Located in Doha, Qatar, the Arab Center needed to reflect the local culture and acknowledge the city’s heritage, while appealing to the modern students and academics who will travel from around the world to study and learn at the Center. The campus also had to promote sense of community and healthy lifestyle, with a layout that promotes collegial life. The goal: Apply B+H’s integrated planning approach to create an Arab community within a neutral context through compelling architecture, planning and landscape and interior design.
We approached the campus as if it were a city. The campus is organized and integrated just like a mixed-use community within a diverse urban centre. Our planning and design teams identified discreet zones and land uses on the site, helping to define spaces for study, socializing, administration, and cultural enrichment.
To acknowledge the city’s heritage and reflect the local culture, a variety of public spaces were designed to reference the medinas of traditional Arabic cities. We designed active and vital animated spaces, echoing the feel of a village square; spaces to encourage conversation amongst the researchers, students, families, visiting scholars and faculty. However, we also incorporated quiet, landscaped areas that promote contemplation. This was achieved by applying interior design concepts rich in material detail, referencing historical Arab geometric patterns and calligraphy that recall the architectural typologies typical to certain city spaces. This townscape acts as a functional, urban realm of connected public and private spaces, contributing to the community feel.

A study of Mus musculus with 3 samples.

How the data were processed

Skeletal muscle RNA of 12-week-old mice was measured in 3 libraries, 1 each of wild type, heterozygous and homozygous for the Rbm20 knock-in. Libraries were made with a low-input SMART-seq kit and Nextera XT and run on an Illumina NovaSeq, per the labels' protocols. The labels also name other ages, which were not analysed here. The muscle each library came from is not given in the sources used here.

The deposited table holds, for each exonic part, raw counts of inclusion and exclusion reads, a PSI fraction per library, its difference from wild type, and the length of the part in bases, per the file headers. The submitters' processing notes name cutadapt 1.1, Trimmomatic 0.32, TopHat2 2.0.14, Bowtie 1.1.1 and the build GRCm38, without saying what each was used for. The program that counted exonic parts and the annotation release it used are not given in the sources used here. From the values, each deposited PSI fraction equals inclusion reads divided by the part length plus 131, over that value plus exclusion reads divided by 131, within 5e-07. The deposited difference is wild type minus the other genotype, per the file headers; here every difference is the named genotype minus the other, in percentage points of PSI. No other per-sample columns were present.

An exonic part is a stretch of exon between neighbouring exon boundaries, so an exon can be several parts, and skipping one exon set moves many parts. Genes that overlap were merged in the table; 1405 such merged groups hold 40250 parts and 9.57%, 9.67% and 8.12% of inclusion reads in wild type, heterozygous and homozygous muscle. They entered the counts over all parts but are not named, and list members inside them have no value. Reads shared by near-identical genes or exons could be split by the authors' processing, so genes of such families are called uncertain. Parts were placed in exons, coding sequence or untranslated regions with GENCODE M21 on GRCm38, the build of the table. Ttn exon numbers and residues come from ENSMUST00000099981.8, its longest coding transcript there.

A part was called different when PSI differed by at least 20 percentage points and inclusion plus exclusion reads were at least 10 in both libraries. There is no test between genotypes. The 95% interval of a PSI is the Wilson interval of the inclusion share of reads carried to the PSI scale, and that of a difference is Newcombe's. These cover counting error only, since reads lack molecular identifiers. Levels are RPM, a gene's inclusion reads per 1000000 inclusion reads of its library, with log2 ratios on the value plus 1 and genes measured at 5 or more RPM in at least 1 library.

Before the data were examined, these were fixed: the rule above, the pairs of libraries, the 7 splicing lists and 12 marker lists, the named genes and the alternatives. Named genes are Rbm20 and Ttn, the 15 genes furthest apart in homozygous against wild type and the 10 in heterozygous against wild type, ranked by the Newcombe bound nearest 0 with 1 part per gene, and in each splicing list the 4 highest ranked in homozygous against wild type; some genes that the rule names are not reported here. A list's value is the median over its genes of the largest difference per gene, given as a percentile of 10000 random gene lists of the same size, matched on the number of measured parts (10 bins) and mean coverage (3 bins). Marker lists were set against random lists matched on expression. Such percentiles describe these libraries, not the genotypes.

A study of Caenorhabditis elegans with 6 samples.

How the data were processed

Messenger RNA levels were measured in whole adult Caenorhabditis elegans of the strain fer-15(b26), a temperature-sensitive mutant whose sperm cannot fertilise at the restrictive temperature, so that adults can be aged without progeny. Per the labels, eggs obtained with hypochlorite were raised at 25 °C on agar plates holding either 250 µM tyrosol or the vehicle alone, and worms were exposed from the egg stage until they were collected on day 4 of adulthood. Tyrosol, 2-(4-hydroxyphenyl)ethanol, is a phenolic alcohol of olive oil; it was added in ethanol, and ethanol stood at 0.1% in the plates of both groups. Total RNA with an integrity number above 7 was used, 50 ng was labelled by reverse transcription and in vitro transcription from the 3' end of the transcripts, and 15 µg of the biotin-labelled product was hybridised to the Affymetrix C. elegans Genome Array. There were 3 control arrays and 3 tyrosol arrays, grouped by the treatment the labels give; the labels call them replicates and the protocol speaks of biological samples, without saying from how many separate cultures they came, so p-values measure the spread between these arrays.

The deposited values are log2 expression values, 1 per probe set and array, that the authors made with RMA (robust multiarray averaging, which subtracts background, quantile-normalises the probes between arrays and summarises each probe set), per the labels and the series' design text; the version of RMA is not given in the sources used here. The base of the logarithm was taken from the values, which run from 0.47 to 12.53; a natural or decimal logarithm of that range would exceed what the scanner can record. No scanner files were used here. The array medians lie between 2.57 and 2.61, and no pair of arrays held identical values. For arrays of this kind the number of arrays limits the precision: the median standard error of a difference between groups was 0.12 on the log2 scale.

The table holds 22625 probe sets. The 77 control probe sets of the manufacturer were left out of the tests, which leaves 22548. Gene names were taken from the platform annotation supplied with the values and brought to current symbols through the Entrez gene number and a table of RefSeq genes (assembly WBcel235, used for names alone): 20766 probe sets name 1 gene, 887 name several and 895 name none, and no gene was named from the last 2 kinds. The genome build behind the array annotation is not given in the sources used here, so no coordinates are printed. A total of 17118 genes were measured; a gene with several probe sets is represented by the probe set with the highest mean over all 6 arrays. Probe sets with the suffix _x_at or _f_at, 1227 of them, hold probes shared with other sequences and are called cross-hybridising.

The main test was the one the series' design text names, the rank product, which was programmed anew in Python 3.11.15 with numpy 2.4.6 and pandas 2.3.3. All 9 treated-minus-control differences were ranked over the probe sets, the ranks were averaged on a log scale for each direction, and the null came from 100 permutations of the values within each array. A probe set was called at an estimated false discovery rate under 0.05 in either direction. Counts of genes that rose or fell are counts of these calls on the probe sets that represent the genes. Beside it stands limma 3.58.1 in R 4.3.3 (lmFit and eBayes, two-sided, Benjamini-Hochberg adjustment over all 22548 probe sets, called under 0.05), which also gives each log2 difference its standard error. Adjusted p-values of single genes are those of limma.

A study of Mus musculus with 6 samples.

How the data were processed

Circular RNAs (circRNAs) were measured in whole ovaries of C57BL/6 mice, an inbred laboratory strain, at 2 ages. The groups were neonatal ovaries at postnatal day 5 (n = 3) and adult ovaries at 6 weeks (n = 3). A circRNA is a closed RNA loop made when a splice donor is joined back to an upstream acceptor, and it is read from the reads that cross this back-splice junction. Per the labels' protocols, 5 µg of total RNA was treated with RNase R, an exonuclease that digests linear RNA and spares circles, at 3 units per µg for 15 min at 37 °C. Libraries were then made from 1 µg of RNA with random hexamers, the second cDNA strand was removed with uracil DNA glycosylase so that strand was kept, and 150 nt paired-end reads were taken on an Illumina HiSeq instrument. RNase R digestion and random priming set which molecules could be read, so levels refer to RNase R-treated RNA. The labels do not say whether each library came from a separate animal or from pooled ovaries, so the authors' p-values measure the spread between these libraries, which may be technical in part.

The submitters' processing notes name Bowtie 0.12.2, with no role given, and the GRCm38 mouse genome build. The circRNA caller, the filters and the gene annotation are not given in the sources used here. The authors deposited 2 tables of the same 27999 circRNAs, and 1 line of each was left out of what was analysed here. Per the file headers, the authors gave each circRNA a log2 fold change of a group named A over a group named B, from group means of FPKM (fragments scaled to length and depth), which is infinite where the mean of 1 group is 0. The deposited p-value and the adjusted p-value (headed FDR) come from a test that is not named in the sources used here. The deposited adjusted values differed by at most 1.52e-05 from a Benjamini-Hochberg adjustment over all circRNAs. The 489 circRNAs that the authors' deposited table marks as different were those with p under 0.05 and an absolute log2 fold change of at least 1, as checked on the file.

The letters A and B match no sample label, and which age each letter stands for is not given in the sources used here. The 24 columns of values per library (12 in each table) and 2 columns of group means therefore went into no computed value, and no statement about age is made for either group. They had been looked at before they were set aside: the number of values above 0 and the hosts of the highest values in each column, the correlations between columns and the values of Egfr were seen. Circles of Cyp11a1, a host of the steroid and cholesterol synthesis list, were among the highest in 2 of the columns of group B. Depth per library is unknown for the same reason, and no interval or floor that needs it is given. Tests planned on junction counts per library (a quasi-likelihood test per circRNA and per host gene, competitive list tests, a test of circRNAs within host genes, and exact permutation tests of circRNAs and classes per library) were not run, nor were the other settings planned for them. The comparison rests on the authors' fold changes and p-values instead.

As an allusion to historical Arabic and pre-Arabic walled cities, the Center is surrounded by a 1.5 metre-high wall, separating the “city” from its surroundings and creating a backdrop to the landscaped embankment.
We mobilized B+H studios from the Americas to the Middle East to plan and design this campus. In response to the local climate, traditional models for acclimatization offer relief from the hot sun. For instance, solar shading devices inspired by Arabic calligraphy work in concert with tree cover to create a comfortable, shaded walkway.
The architectural, planning and landscape and interior design concepts throughout reference historical Arab and pre-Arab communities through the use of material details which recall historical Arab geometric patterns, calligraphy, and ancient walled cities. The nods to Arabic history, combined with modern academic facilities — including a museum, conference centre, exhibition hall and mosque – position the Arab Center as a node of cultural exchange, as well as a leader in innovative academic development.